Writing emails. We all spend what seems like an inordinate amount of time reading them and writing them. Many of us have also been involved in email chains that often seem to go on…and on…and on about subjects ranging from the mundane to the substantive. So, the real question here is how can we draft emails more effectively in an effort to make more productive and efficient use of our limited time each day?
Please allow me to propose a few suggestions.
Don’t overlook the importance of the subject line.
Most, if not all of us, are incredibly busy these days. We receive a lot of emails each day. It is important to keep in mind that your message, as important as you think that it is, is far from being the only one in the mailbox of the person that you are sending your message to. One way to distinguish your email from others and, better yet, to help the recipient better determine what your message is about, is to craft an effective subject line. Yet, too many overlook what is an essential part of your email.
Before getting to how to write an effective subject line, let me spend a little time writing about what NOT to do in terms of the subject line.
First, do not leave the subject line blank. Your recipient may know who you are, but do not assume that just because of the recipient knowing who you are your message will be a priority for the other person.
Second, do not use phrases like “quick question” or “Important” in the subject line without being more specific. If your question is indeed quick, why not simply ask it in the subject line of the email if you can?
In terms of what to do when writing a subject line, you should be specific about the purpose of the email. For example, if the email is about an upcoming meeting, perhaps write something referencing that fact: “Suggestions for agenda for 11/15 meeting.” If the email will be asking for something specific from the other person, reference that in the subject line: “For Review: Draft of XG Agreement.”
Now, you may be asking yourself, okay, these are fine suggestions, but what if the email you will be sending is part of an email chain that was started prior to you being involved? Don’t be afraid to change the subject line! Do not make the mistake of allowing an email chain to go on and on when the subject of the chain may have change since it was first started!
Keep the message of the email focused.
When writing your email, ask yourself why you are writing. Are you responding to an inquiry, making an inquiry yourself, asking for the other party to do something for you? The answer to this question should inform not only what you write, but how you write as well.
If you are asking for something or for the other party to do something for you, be direct, be clear, and be concise. It is safe to assume that the other party will read through your note and then respond as soon as they see something they need to respond to. Therefore, put your request at the forefront of your message; don’t bury it at the end of your email.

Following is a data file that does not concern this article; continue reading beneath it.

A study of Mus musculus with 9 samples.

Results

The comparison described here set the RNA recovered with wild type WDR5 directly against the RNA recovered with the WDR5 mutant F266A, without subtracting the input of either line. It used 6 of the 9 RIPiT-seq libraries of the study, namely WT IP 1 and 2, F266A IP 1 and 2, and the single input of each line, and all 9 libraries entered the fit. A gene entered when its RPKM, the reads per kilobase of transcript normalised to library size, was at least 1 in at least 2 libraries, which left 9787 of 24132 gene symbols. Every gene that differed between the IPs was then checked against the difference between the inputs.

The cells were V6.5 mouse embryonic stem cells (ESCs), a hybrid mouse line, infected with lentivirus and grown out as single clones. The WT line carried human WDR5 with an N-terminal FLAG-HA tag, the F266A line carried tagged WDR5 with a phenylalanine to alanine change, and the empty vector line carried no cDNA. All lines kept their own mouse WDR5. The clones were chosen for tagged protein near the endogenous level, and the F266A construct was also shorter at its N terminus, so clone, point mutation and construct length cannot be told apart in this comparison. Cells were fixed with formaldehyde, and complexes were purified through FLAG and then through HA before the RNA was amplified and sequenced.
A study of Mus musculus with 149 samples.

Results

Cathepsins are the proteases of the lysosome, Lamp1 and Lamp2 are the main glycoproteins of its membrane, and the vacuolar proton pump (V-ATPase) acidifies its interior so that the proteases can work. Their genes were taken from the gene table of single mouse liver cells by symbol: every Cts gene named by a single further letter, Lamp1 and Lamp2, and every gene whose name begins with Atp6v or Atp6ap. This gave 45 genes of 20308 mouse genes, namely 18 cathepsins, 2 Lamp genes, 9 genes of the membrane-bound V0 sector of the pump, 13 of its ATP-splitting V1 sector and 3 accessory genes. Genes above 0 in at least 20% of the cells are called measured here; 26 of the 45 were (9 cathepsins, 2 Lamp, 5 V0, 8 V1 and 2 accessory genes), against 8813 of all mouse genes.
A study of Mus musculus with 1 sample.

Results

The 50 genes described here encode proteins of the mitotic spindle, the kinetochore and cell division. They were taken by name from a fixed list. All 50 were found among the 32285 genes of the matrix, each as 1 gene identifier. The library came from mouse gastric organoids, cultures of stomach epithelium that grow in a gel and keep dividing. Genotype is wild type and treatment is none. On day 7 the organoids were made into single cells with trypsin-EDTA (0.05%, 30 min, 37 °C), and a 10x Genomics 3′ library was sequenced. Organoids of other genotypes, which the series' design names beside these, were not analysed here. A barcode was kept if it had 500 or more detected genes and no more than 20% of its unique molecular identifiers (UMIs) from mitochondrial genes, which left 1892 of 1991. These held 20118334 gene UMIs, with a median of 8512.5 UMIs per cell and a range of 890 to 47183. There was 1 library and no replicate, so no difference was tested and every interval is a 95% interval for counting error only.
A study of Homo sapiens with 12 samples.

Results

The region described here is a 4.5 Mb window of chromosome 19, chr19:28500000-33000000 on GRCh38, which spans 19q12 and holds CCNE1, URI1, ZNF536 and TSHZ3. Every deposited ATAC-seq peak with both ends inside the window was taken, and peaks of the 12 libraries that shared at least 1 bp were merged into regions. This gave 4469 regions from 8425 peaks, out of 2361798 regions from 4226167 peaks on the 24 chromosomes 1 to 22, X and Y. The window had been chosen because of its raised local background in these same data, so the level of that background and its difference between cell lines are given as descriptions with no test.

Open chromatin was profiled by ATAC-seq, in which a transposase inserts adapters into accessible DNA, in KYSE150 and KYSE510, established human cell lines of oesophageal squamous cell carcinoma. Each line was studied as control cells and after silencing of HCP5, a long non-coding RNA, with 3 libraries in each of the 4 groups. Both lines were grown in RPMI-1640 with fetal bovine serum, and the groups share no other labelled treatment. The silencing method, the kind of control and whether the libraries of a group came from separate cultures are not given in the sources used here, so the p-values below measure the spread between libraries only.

Make your email readable.
Making your email readable will help your reader focus on your message. To do so, try to eliminate distractions. The most common such distraction comes in the form of a grammatical error, typo, or some combination of the two. If you are asking someone to do something for you, don’t distract them by making them point out typos in your message or by making grammatical errors. In addition, don’t use all-caps or informal emoticons. Unless you are writing to a friend, all-caps may come off as you shouting and use of emoticons may come off as unprofessional and/or disrespectful.
Write in short paragraphs. Each paragraph should focus on a single issue. Doing so will not only help make your email more readable, but will allow your reader to more easily digest your message.
Avoid unusual or overly ornate typefaces. The point of your email is likely not your typeface creativity or artistic skill, but what you are asking your recipient to do for you or what you are telling your recipient. Therefore your goal should be to make it as easy as possible for your reader to discern what your message is and how they should react/respond to what you are telling them.
Try the if/then approach for scheduling emails.
Finally, let spend a little time addressing those pesky scheduling emails. If you want to avoid a long chain of emails covering commonplace matters like where to meet and when to meet, try the if/then approach.
The if/then approach adopts a logical and structured process consisting of doing the following. First, suggest a few days and times for the other party, then instead of ending the message there, say something along the lines of “If those days/times don’t work, then suggest a few alternatives.”
This if/then approach will not entirely preclude a chain of scheduling emails, but it should help make any such chain significantly shorter since you are attempting to expedite scheduling time with the other party by directly asking them for other days/times instead of simply letting the other person say “No” or “Those days/times won’t work.” Once both parties have agreed upon day/time, confirm with a short email confirming, perhaps even in the subject line, the day, time, and place of the meeting or the call.
Try applying these tips and let me know what you think! Hopefully you will find them to be useful in helping to make your email exchanges exchanges shorter, more efficient, and more productive.